By Gustavo Arellano
By R. Scott Moxley
By Alfonso Delgado
By Courtney Hamilton
By Joel Beers
By Peter Maguire
By Charles Lam
By Charles Lam
Hi, guys and gals,
I know you're all big fans of OC Weekly, so there's probably no need to tell you that the past six months have been busy for investigative reporters like myself who just love writing about cop scandals. I just wanted to thank each of you personally for making my job fun by ignoring some very prophetic advice about how to put folks like me out of business.
But first a quick trip down memory lane.
Remember that tragic shooting last August of Ashley Macdonald, an 18-year-old woman armed with a penknife standing in the middle of an empty park? Contradicting eyewitness accounts, two cops claimed Macdonald rushed at them with the knife, giving them no choice but to unload 15 bullets into the suicidal teenager (see "Inside the Kill Zone," March 15). A public uproar ensued, but because she was within 20 feet of the two Huntington Beach officers, the district attorney's office said the shooting was legal, thus continuing its proud history of never prosecuting a cop for killing a citizen in the line of duty.
And let's not forget the first OC inmate murder in 18 years, which occurred last October, when about two dozen prisoners at Theo Lacy Branch Jail beat John Chamberlain to death? The attack took place just hours after a prison guard allegedly exposed him as a child molester (see "Blind Spot," March 29). The DA's office is charging six inmates with the crime but so far hasn't spoken a word about the sheriff's deputy whom several witnesses claim "outed" Chamberlain and then did nothing to protect him while he had his body turned to pulp several yards from a guard tower.
Both incidents have led to legal claims against Huntington Beach and Orange County totaling $40 million. They're also pretty good examples of what the Orange County grand jury predicted would happen when it released its June 27, 2006, report recommending civilian oversight for Orange County law-enforcement agencies. The grand jury wasn't proposing anything radical like those pesky citizen-review boards that already exist in just about every major metropolitan area of the United States. Instead, it simply recommended local police establish higher professional standards guidelines and hire independent contractors to monitor how they train officers and handle complaints from the public.
"Other than the Orange County grand jury, there is no formal citizen oversight of county and city law-enforcement agencies," the grand jury concluded. "Why wait until there is a highly publicized and criticized officer-involved event that results in the hasty, emotional creation of a citizen-oversight commission?"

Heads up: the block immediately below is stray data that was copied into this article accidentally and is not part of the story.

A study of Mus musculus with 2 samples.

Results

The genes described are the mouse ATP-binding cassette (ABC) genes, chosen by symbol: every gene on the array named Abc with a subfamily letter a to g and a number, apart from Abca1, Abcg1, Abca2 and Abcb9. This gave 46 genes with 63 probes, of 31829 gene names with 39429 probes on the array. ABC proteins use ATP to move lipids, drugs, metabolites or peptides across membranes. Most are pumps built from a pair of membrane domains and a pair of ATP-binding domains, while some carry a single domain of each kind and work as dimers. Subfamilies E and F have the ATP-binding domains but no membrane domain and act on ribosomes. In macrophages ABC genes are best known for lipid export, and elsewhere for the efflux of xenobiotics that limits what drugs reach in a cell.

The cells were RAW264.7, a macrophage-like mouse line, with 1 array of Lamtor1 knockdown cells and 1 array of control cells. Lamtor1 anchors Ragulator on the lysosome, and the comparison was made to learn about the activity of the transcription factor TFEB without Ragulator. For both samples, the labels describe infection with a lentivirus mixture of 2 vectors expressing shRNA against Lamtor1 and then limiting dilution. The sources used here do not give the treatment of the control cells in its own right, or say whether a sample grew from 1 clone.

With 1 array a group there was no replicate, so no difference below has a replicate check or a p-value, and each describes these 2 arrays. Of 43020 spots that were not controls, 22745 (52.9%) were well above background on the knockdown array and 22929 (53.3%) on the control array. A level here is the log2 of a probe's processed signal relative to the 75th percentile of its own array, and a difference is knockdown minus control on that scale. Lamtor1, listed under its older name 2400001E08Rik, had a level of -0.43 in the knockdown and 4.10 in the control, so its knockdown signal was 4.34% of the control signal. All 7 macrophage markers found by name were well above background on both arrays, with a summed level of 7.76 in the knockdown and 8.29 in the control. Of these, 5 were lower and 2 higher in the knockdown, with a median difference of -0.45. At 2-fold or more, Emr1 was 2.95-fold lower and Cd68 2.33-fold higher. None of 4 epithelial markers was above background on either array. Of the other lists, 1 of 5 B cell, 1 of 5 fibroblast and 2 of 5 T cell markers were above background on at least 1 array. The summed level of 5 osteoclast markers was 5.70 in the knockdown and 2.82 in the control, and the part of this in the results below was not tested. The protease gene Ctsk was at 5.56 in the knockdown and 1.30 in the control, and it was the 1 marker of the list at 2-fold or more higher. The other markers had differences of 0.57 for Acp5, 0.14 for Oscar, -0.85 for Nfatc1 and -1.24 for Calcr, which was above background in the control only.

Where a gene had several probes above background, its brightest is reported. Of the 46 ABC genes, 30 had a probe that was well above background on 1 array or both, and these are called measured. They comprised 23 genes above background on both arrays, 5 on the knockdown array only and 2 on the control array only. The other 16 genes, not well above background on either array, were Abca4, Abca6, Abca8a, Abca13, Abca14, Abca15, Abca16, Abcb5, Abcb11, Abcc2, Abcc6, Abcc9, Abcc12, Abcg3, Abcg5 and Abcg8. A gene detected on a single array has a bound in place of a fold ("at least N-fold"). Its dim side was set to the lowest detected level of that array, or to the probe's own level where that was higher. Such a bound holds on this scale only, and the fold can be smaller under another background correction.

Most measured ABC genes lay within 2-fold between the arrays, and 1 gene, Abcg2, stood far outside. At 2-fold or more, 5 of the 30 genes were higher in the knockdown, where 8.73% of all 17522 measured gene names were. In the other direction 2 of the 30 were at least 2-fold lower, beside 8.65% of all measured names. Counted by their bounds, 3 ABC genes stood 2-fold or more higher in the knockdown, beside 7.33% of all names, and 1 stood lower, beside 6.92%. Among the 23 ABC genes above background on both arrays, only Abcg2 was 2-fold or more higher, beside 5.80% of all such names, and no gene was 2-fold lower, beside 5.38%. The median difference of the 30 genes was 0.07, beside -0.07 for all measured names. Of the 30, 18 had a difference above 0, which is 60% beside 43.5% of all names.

So how did you all respond?
DA Tony Rackauckas succinctly stated that he "disagrees wholly" with the grand jury's advice. "This recommendation will not be implemented," announced Sheriff Mike Carona. "I believe the Huntington Beach Police Department is already using [the] best practices in attempting to carry out their mission of providing the best law enforcement possible to the residents, business members and visitors to our community," replied Huntington Beach Police Chief Kenneth Small. And so on. A total of 50 responses came back to the grand jury from every mayor and police department in Orange County, all of them either "strongly," "wholly," "totally" or "respectfully" refusing to take a hint.
Four more cities—Villa Park, San Juan Capistrano, Mission Viejo and Stanton—didn't take a stand on the issue but meekly stated they agreed with whatever the sheriff's department had to say on the matter since the sheriff's department provided law-enforcement services to their cities. Yorba Linda, whose cops work for the Brea Police Department, told the grand jury to ask Brea cops for an answer. (Brea said no.) Only Laguna Niguel Mayor Cathy DeYoung showed any balls whatsoever, responding that she "agreed" with the concept of civilian oversight but had been informed that the sheriff's department, which polices her city, had no intention of going along with the concept.
Meanwhile, public confidence in cops is continuing to erode. On Dec. 8, the California Democratic Party passed a resolution calling for the creation of civilian oversight of law enforcement. The resolution was introduced by the Orange County Democratic Central Committee Exec-utive Board, acting on the inspiration of Teddi Alves, who says she was stirred to act by the Macdonald shooting. "I was driven to do something," Alves told me. "I simply can't believe there is any excuse for three uniformed officers of the Huntington Beach police to shoot a 120-pound girl."
To win support for the resolution, Alves needed do no more than compile 10 pages of recent headlines documenting police brutality and lethal shootings in Orange County, many of them culled from the pages of OC Weekly. One of the people who's working to make the resolution become law is Ruth Hull-Richter, chairwoman of Orange County's Patrick Henry Democratic Club. "We would like to have oversight panels at county and city levels," she said. "The main thing we are hoping to accomplish is the protection of not just citizens, but also the police. This will allow good officers to say our process is transparent."
Luckily for you, there's almost no chance anything will come of the resolution, as Hull-Richter is the first to admit. "The trouble is the Democratic Party does nothing to enforce its own resolutions," she said.
Lucky for us reporters, too, although not so much for the next suicidal teenager to get blown away by gung-ho cops or middle-aged inmate to get his brains bashed in by fellow prisoners after getting the green light from a guard. We'll have plenty of depressing stories to write in the years ahead.